A nation monetizes its debt when it converts debt to credit or cash.
The only way a country can do this is through its central bank, which can purchase the government debt and replace it with credit. In turn, the central bank puts the debt on its balance sheet. Critics tend to call the policy "monetizing the debt" because it enables excessive government borrowing.
The Federal Reserve is the U.S.'s central bank. It monetizes U.S. debt when it buys U.S. Treasury bills, bonds, and notes from member banks. The Fed doesn't have to print money to do so. Instead, it issues a credit to the bank's reserve deposits. The credit is treated just like money, even though the Fed doesn't print actual cash. This process is called open-market operations.
The Fed also uses open-market operations to raise and lower interest rates when it buys Treasurys from its member banks. The Fed issues credit to the banks, leaving them with more reserves than they need to meet the Fed's reserve requirement. The banks then lend these excess reserves, known as fed funds, at a lower rate to other banks so that they can meet their reserve requirements.
How the Fed Monetizes the Debt
When the U.S. government auctions Treasurys, it's borrowing from all Treasury buyers, including individuals, corporations, and foreign governments. The Fed turns this debt into money by removing those Treasurys from circulation. Decreasing the supply of Treasurys makes the remaining bonds more valuable.
These higher-value Treasurys don't have to pay as much in interest to get buyers. The resulting lower yield drives down interest rates on the U.S. debt.
Lower interest rates mean the government doesn't have to spend as much to pay the interest on the debt, and that's money it can use for other programs.
This process may make it seem as if the Treasurys bought by the Fed don't exist, but they do exist on the Fed's balance sheet. Technically, the Treasury must pay the Fed back one day. Until then, the Fed has given the federal government more money to spend, increasing the money supply, and monetizing the debt.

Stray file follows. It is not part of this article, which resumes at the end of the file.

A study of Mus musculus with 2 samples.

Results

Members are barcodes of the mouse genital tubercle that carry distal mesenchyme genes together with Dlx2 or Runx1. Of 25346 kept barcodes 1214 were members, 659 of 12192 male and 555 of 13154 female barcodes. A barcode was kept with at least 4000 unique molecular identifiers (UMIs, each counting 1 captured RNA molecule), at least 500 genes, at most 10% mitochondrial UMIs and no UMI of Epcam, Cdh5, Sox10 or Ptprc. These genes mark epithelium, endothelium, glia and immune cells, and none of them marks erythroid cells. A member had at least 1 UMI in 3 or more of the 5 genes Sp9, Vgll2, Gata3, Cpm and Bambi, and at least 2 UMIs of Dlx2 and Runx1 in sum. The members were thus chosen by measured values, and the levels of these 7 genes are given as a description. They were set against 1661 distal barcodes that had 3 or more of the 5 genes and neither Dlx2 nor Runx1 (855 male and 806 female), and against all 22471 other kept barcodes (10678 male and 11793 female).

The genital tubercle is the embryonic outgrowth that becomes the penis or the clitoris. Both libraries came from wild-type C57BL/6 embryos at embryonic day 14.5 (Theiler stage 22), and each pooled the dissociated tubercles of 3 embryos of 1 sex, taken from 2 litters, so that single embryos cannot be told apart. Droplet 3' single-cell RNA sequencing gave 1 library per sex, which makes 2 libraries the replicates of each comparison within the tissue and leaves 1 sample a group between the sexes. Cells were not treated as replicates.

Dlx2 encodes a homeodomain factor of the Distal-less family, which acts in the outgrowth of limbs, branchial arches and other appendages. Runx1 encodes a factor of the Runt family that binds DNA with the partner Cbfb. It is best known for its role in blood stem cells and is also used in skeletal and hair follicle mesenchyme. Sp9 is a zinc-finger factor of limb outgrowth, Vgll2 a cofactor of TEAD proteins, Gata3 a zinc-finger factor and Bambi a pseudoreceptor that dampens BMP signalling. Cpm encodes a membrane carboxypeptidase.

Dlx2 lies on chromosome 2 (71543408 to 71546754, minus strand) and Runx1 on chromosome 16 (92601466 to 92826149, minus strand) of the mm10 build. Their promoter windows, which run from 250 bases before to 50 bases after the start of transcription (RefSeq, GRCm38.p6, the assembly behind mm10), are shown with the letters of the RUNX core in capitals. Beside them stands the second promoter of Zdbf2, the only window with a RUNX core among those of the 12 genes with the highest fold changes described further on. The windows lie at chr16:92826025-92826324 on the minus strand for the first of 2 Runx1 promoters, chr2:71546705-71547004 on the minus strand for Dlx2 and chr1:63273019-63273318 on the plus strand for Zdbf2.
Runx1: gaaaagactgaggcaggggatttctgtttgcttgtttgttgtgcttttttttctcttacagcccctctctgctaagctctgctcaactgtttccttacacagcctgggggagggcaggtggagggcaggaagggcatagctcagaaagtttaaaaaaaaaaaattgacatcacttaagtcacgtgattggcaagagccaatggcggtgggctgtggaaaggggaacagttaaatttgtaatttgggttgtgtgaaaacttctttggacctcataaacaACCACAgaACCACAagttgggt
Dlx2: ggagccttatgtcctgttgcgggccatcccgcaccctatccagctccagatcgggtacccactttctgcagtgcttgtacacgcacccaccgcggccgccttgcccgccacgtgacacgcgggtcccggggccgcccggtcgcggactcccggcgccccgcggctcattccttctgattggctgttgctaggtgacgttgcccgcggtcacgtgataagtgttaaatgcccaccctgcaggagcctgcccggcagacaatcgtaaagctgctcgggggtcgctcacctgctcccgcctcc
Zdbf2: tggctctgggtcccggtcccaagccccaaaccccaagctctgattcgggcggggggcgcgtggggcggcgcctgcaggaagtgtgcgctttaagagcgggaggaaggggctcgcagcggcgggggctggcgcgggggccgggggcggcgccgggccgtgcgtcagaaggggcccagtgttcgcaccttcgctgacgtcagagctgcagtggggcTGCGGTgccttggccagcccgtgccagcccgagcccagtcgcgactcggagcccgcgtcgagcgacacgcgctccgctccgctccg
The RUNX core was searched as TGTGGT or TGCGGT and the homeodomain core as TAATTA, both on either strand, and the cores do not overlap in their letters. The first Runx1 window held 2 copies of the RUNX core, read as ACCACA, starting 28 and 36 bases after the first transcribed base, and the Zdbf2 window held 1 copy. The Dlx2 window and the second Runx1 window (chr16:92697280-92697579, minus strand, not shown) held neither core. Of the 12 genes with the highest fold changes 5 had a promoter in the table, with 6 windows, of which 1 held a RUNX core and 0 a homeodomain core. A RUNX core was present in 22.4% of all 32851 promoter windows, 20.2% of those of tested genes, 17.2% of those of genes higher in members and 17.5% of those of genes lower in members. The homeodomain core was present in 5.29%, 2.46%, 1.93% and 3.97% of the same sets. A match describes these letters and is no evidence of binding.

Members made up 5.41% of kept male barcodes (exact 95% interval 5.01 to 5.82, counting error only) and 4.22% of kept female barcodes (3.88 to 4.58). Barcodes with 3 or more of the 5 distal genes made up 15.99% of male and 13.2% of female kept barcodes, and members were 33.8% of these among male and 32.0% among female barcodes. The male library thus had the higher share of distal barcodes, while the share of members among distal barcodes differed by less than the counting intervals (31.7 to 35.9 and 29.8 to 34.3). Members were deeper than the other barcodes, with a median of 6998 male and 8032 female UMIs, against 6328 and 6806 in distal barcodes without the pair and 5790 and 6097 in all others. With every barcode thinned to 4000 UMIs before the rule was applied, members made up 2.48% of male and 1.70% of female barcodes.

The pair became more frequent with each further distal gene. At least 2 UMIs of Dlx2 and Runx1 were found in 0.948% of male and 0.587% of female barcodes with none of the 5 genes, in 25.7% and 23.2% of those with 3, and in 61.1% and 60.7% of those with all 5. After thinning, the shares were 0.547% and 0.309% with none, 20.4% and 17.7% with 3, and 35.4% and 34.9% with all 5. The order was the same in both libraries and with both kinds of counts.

Debt Monetization and Quantitative Easing
Concerns about the Fed monetizing debt arose after the 2008 recession when the central bank launched quantitative easing (QE), which is an open-market operation strategy. From November 2010 and June 2011, the Fed bought $600 billion of long-m Treasurys after buying $175 billion worth of Treasurys between December 2008 and March 2010. Those were the first and second phases of quantitative easing, known as QE1 and QE2. A third phase, QE3, ended in October 2014. By 2015, the Fed had $4.5 trillion on its balance sheet.
Once the economy improved, the Fed ended QE and returned its balance sheet to normal. To that end, in June 2017 the Fed said it would reduce its holdings by gradually letting securities mature without replacing them on the balance sheet. That way, it wouldn't need to sell debt, which could cause interest rates to rise. The process began in October 2017 and continued until September 2019.
The Fed renewed QE during the 2020 recession caused by the COVID-19 pandemic. On March 15, 2020, the central bank announced that it would purchase at least $500 billion of Treasurys a month.
The Fed also purchased up to $750 billion worth of corporate debt, including high-yield bonds and corporate debt ETFs.
On March 23, 2020, the Fed expanded QE purchases to an unlimited amount. By May 18, its balance sheet had grown to more than $7 trillion. As long as it sits on the Fed's balance sheet, it is monetizing the debt. The Fed has turned that debt into money that banks can lend to borrowers.
Spurring the Economy or Monetizing the Debt?
The Fed argues that it isn't monetizing debt, because the Treasury debt will only sit on the Fed's balance sheet for a temporary period. If the Fed intended to truly monetize the debt, it would allow the Treasurys to sit on its balance sheet permanently. Instead, the Fed chairs have consistently announced that QE is a temporary measure to stabilize the economy through unusual times.
The Fed also points out that its purchases of Treasurys are a small percent of securities outstanding. With that in mind, the Fed's purchases don't have a large impact on the debt or the decisions of Congress to spend more and expand it.
The Fed's primary purpose throughout QE was to lower interest rates and spur economic growth. Banks base all short-term interest rates on the fed funds rate. A low prime rate helps companies cheaply borrow money so they can expand and create jobs, and low mortgage rates help people afford more expensive homes. The Fed wanted QE to revive the housing market. Low-interest rates also reduce returns on bonds, which turns investors toward stocks and other higher-yielding investments. For all these reasons, low interest rates help boost economic growth.